The cavernous sinus is a paired dural venous sinus located within the cranial cavity. It is divided by septa into small ‘caves’ – from which it gets its name. Each cavernous sinus has a close anatomical relationship with several key structures in the head, and is arguably the most clinically important venous sinus. In this article, we shall look at the anatomy of the cavernous sinus – its location, contents and clinical relevance.
The dural venous sinuses are channels between the two layers of dura mater which are responsible for the venous drainage of the brain, skull, orbit and internal ear. The cavernous sinuses are located within the middle cranial fossa, on either side of the sella turcica of the sphenoid bone (which contains the pituitary gland). They are enclosed by the endosteal and meningeal layers of the dura mater.
The borders of the cavernous sinus are as follows:
Several important structures pass through the cavernous sinus to enter the orbit. They can be sub-classified by whether they travel through the sinus itself, or through its lateral wall:
The cavernous sinus is the only site in the body where an artery (internal carotid) passes completely through a venous structure. This is thought to allow for heat exchange between the warm arterial blood and cooler venous circulation. A useful mnemonic to remember the contents and their relation to one another is ‘O TOM CAT’, where OTOM (oculomotor nerve, trochlear nerve, ophthalmic branch, maxillary branch) refers to the lateral wall contents from superior to inferior, and CAT (internal carotid artery, abducens nerve, trochlear nerve) refers to the horizontal contents, from medial to lateral.
Each cavernous sinus receives venous drainage from:
It is important to note that the superior ophthalmic vein forms an anastomosis with the facial vein. Therefore, the ophthalmic veins represent a potential route by which infection can spread from an extracranial to an intracranial site. The cavernous sinuses empty into the superior and inferior petrosal sinuses, and ultimately, into the internal jugular vein. The left and right cavernous sinuses are connected in the midline by the anterior and posterior intercavernous sinuses. They travel through the sella turcica of the sphenoid bone.
The close anatomical relationship of the cavernous sinus with several key structures in the head makes it a clinically important venous sinus. This is highlighted by its role in the venous drainage of the brain, skull, orbit and internal ear, and by being the only site in the body where an artery passes completely through a venous structure. Furthermore, the superior ophthalmic vein forms an anastomosis with the facial vein, creating a potential route for the spread of infection from an extracranial to an intracranial site.
The contents and borders of the cavernous sinus, and the structures it relates to, are important factors to consider when diagnosing and managing any conditions affecting it. A useful way to remember these details is with the mnemonic ‘O TOM CAT’.
The cavernous sinus is an important anatomical structure located in the head and neck that is formed by the connection of several veins, arteries, and nerves. It can be sub-classified based on which structures travel through the sinus itself or its lateral wall.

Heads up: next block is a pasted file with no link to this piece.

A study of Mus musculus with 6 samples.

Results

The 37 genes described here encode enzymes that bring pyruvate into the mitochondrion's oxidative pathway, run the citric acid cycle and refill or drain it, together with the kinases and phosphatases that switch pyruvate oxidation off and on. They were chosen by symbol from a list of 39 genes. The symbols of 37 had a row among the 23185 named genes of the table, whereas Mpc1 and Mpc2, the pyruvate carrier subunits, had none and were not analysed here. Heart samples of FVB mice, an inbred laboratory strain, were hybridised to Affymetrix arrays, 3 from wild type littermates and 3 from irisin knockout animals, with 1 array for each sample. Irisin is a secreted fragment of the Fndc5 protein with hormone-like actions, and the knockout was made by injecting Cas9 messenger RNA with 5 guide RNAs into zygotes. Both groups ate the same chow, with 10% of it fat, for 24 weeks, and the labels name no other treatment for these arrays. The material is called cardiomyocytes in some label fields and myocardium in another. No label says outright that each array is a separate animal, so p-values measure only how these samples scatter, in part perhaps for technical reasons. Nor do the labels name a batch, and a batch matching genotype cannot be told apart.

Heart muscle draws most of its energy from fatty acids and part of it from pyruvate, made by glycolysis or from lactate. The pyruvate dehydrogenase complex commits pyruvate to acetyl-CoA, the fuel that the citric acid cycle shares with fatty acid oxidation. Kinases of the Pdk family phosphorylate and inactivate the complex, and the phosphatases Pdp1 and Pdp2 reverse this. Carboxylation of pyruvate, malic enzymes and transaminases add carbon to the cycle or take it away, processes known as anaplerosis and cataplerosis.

Structures which travel through the sinus include the abducens nerve ( CN VI), carotid plexus (post-ganglionic sympathetic nerve fibres), and the internal carotid artery (cavernous portion). Structures that travel through the lateral wall of the cavernous sinus include the oculomotor nerve (CN III), trochlear nerve (CN IV), ophthalmic (V1) and maxillary (V2) branches of the trigeminal nerve.
The cavernous sinus is unique as it is the only area in the body where an artery passes completely through a venous structure. This allows for the exchange of heat between warmer arterial blood and cooler venous circulation.
Each cavernous sinus is also part of the dural venous sinus system, which includes several veins that drain into it. These include the ophthalmic veins (superior and inferior) that enter the cavernous sinus via the superior orbital fissure, the central vein of the retina which drains into the superior ophthalmic vein or directly into the cavernous sinus, the sphenoparietal sinus which empties into the anterior aspect of the cavernous sinus, the superficial middle cerebral vein which contributes to the venous drainage of the cerebrum, and the pterygoid plexus, located within the infratemporal fossa.
The cavernous sinuses ultimately empty into the superior and inferior petrosal sinuses and the internal jugular vein. They are connected in the midline by the anterior and posterior intercavernous sinuses, which travel through the sella turcica of the sphenoid bone.
Cavernous sinus thrombosis (CST) is the formation of a clot within the cavernous sinus. The most common cause of CST is an infection, which typically spreads from an extracranial location such as the orbit, paranasal sinuses, or the danger zone of the face. This is due to the anastomosis between the facial vein and the superior ophthalmic veins.
The common clinical features associated with CST include headache, unilateral periorbital oedema, proptosis (eye bulging), photophobia, and cranial nerve palsies. The abducens nerve (CN VI) is most often affected. Treatment is typically with antibiotic therapy, as the progression of a Cavernous Sinus Thrombosis caused by infection can rapidly lead to meningitis.